Artist Cui Ruzhuo

Multimillion dollar Chinese painting is thrown out with the trash

A painting by celebrated Chinese artist Cui Ruzhuo was auctioned off in Hong Kong on Monday, March 7 for 2.2 million GBP, or nearly $3.7 million USD. But, on Tuesday afternoon, the auctioneers, Poly Auction, reported the painting missing from the Grand Hyatt Hotel.

Local police reportedly checked closed-circuit TV footage of the hotel where the fine art auction took place. They saw a cleaning service removing the painting, and the cleaners are believed to have thrown the artwork away by mistake. A police source said officers scrutinizing the footage also saw a security guard kick the packaged artwork over to a pile of garbage. The cleaners were then seen disposing of the trash, which was bound for a landfill in Tuen Mun. The source said police had checked the landfill but could not find any trace of the painting.

The painting is a Chinese ink wash piece called "Snowy Mountain," and it fetched the second-highest price among 22 of Ruzhuo's works that were sold during the two-day auction. The artwork depicts a mountainside with trees in the foreground, covered in a layer of fresh snow.

On Wednesday, a spokesperson with the police said the case had been classified as a theft but no arrests had been made. The Grand Hyatt Hotel declared it would not be responsible for the painting, stating that it is the responsibility of the auction house or third-party exhibitors that handle the art installations to dismantle their own exhibitions, so the hotel has no liability for the security of the auctioned items.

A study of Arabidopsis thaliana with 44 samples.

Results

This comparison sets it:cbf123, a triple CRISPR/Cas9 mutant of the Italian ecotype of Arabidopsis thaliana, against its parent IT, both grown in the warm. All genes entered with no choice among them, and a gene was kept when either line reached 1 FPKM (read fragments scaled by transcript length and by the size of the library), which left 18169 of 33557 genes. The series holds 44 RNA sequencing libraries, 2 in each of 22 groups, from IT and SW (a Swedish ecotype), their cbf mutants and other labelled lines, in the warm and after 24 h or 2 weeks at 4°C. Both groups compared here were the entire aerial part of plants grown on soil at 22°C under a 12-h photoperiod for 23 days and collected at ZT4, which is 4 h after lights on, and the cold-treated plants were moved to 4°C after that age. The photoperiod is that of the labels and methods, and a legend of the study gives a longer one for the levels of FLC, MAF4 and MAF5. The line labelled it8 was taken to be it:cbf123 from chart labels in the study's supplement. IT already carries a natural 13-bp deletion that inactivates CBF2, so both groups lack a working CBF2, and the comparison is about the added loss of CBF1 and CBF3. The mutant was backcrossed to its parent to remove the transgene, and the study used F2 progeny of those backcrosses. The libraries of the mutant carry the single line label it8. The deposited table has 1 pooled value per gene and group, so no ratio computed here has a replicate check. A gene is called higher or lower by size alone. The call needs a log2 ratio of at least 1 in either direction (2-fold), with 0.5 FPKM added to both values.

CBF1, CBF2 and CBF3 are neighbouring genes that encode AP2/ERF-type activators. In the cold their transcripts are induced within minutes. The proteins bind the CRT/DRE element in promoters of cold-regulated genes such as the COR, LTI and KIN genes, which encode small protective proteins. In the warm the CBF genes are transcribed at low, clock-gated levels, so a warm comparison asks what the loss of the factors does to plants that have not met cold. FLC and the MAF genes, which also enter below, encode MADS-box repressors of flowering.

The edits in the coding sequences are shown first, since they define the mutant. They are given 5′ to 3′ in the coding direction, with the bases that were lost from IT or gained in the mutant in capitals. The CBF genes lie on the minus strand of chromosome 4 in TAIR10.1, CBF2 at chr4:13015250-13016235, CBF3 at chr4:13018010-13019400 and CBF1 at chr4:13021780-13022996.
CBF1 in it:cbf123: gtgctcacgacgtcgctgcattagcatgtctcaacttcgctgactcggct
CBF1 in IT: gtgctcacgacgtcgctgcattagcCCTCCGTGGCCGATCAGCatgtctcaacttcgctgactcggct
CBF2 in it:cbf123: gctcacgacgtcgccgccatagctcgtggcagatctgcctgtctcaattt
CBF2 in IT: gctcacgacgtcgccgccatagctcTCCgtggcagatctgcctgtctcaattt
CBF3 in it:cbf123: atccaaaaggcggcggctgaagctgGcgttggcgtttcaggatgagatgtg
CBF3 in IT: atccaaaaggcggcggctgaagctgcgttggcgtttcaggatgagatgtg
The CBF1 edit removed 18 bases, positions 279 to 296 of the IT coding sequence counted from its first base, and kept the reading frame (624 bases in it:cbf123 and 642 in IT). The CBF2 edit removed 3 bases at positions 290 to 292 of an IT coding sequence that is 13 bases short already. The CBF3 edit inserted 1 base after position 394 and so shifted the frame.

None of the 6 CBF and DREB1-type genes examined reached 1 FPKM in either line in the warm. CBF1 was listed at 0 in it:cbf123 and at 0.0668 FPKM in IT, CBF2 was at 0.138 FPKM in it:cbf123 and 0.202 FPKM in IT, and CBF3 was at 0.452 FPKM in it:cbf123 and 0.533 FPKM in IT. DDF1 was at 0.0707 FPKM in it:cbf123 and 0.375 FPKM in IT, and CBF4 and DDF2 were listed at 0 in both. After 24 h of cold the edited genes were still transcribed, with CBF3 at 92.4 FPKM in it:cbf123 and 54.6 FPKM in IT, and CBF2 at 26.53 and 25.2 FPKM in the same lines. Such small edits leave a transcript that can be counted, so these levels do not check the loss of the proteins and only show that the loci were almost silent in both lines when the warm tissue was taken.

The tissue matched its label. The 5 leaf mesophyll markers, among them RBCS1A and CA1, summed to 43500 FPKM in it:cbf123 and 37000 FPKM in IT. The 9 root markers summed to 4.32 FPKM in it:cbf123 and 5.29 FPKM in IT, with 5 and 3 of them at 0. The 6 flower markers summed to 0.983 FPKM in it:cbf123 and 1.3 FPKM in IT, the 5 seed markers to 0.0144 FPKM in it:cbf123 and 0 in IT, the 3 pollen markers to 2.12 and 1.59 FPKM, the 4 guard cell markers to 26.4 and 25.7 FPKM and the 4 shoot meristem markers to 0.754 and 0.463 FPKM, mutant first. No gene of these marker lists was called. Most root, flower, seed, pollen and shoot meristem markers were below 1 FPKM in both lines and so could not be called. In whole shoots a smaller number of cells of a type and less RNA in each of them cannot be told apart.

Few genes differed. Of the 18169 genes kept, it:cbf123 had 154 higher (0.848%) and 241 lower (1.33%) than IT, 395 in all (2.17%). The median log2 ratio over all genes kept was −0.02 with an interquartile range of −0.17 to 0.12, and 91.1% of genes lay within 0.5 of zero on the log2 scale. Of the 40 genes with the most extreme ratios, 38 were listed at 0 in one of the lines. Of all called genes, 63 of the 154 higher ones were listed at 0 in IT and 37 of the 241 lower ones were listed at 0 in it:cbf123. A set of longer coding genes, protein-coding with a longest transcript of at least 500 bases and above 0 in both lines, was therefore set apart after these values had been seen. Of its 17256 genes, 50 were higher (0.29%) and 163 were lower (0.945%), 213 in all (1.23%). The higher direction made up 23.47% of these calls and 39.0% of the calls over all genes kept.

Nearly 2,000 pieces, from oil paintings to jewelry, were auctioned off during the event on Monday and accumulated a total of more than HK$1.1 billion, or roughly $142 million USD. Another piece by Cui Ruzhuo called "Landscape in Snow" sold for HK$184 million, or about $23.7 million USD.

Cui Ruzhuo was born in Beijing in 1944 and taught at the Central Academy of Fine Art before emigrating to the U.S. in 1981. In 1996, the artist returned to live in Beijing. His pieces are popular with collectors and museums. In 2011, one of his works was sold for HK$43.2 million (about $5.6 million USD) at the auction in the spring hosted by Christie's. That was the highest price earned among all the contemporary Chinese artists' works in spring auctions that year.